Social Media Directors a Burgeoning Career Field

Teachers, firefighters, engineers and federal bureaucrats may be staring down the barrel of a loaded gun as budgets are slashed and jobs are eliminated, but one sector of government employees is enjoying significant growth: social media directors.  

According to Government Technology, from Gracie Mansion to 1600 Pennsylvania Avenue, young digital natives are being hired by governments both small and large as state and local agencies struggle to keep up with Web 2.0 trends and information consumption by the public on social media.

Case in point: Oak Park, Illinois. The town of 52,000 has been on Twitter and Facebook for four years, and social media has become an integrated part of their communications strategy. The city also has a YouTube channel, but its primary communications are via tweets and posts.

"We thought that if the importance is really to communicate with the community, then that means being able to use the same tools that the community is relying on for information," Oak Park communications director David Powers said in an interview with Gov Tech's Elaine Pittman.

The dedicated point woman in charge of Oak Park's social media efforts is Leslie Boehms. Born in 1983--the same year that ARPANET officially switched over to TCP/IP and GPS became officially available for civilian use--the 29 year-old Boehms is one of a recent spate of Gen Yers in government service to be employed officially as a social media manager. In her official capacity as social media maven, it is her job to coordinate Oak Park's media message on Facebook and Twitter.

 It also helps that she's a bit of an addict herself.

"I went from Friendster to MySpace to Facebook," She said. "So I've always been kind of immersed in social media."

Her official title is social media director, but unofficially, she is a go-between between social media and local government agencies looking to answer constituent's questions.

Like many of her fellow social media mavens, Boehms is a refugee from the print media world, whose declines in circulation--and reluctance to fully embrace the power of the Internet--has caused thousands of would-be journalists and writers to stake claims on the digital frontier as they struggle to build a reputable career online.  Those who manage to avoid the slings and arrows that social media can dish out can make a handsome career managing social media, either in the private sector or the public sector.

According to Payscale.com, a successful social media manager can make anywhere from $28,000 to $64,000 a year depending on their location and which sector they work in. For those at the upper tier of the income bracket, the pay is as much as $100,000 dollars a year if in the federal government and the Metroc Washington D.C. area.

Social media isn't just a medium for small towns like Oak Park.  One of the pioneers in adopting social media for government use lies further up the road. Chicago, with its magnificent skyscrapers and big city attitude, was one of the first to coordinate several social media accounts at once (each city department has their own separate account). With everyone from the Mayor's Office, the tourism department and even the Department of Families and Social Services on social media, making sure everyone is on the same page is no small feat.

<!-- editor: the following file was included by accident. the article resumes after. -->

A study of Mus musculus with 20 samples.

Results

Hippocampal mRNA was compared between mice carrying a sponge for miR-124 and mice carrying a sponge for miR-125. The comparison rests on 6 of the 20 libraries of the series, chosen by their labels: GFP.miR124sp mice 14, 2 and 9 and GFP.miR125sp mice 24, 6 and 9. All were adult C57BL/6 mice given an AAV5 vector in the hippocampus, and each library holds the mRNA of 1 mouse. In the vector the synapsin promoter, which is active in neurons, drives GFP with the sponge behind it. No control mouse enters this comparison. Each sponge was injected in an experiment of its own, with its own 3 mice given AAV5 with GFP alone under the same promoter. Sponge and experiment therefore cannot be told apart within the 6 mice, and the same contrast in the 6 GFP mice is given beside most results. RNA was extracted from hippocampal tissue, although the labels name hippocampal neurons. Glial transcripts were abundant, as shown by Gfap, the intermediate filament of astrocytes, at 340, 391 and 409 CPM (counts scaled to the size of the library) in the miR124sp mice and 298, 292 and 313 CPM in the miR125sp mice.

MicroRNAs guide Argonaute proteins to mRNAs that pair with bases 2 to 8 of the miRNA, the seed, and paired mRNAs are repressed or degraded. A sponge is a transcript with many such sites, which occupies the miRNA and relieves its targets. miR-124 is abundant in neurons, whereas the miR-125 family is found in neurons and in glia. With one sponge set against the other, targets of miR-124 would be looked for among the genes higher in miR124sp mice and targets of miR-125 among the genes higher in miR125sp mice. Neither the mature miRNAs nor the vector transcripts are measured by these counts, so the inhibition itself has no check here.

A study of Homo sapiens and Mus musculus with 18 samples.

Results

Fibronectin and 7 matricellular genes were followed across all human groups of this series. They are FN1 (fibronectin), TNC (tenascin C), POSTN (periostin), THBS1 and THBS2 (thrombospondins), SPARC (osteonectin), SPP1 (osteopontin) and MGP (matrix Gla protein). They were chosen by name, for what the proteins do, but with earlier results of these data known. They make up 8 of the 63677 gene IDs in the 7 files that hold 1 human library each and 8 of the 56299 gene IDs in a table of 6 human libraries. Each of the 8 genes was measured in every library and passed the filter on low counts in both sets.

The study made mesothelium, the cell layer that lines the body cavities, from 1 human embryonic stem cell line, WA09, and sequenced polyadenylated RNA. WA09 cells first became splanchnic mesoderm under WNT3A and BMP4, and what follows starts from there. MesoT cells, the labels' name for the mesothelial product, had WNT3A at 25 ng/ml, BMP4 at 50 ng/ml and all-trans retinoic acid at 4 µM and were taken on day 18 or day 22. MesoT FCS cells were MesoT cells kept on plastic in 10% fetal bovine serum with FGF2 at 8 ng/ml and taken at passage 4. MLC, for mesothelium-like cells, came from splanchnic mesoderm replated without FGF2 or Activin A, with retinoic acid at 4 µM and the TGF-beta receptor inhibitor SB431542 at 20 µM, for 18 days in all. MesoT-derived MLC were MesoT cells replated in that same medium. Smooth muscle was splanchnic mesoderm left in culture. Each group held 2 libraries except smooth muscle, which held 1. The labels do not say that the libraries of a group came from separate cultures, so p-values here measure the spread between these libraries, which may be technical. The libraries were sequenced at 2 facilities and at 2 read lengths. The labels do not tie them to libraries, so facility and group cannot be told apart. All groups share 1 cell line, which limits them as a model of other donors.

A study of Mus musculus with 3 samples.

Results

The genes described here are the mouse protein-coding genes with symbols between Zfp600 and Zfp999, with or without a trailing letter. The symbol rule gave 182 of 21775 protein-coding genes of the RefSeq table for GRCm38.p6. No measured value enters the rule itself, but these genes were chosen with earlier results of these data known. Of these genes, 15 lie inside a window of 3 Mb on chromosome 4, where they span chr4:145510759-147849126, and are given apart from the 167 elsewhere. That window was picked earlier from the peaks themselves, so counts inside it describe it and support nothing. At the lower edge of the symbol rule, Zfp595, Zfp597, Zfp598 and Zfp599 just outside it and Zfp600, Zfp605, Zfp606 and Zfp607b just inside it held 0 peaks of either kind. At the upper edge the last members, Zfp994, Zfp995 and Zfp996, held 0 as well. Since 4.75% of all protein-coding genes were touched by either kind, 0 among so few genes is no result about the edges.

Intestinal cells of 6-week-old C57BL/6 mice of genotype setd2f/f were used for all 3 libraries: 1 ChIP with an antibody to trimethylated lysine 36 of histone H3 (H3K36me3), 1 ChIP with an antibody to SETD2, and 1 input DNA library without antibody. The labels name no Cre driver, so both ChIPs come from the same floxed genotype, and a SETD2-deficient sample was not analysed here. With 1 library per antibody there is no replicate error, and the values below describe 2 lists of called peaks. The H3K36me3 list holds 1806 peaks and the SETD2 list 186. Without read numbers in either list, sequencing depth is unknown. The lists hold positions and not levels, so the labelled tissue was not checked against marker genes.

As in Oak Park, the person in charge of making all of that work is young, bright and steeped in social media. At 28, Kevin Hauswirth is Boehm's contemporary.  But rather than just sitting at a laptop and tweeting, Hauswirth is using social media to create connections outside the digital world. Using social media to facilitate workshops and discussion groups for the various departments, Hauswirth meets regularly with representatives from the Chicago Public Schools and the Transit Authority to help them craft a buzz-worthy social media strategy.

"The best practices are coming out of shared common knowledge of what is working and what is not working," he said. "It's really less about the technology and more about the relationships--that's really what we're working on."

At the federal level, there are currently 21 positions requiring social media skills advertised on USAjobs.gov, the federal government's job board run by Monster Inc. The highest paying of these is a Supervisory Communications Specialist for the National Oceanic and Atmospheric Administration, which pays up to $155,000 a year and requires to applicant to "have knowledge of communications tools and techniques, including online communications, video production, and social media."

In a tough job market where employment is still unstable, jobs like the one at NOAA are sure to attract hundreds, if not thousands of candidates, provided of course they are willing to spend the extra time on the more complicated government applications.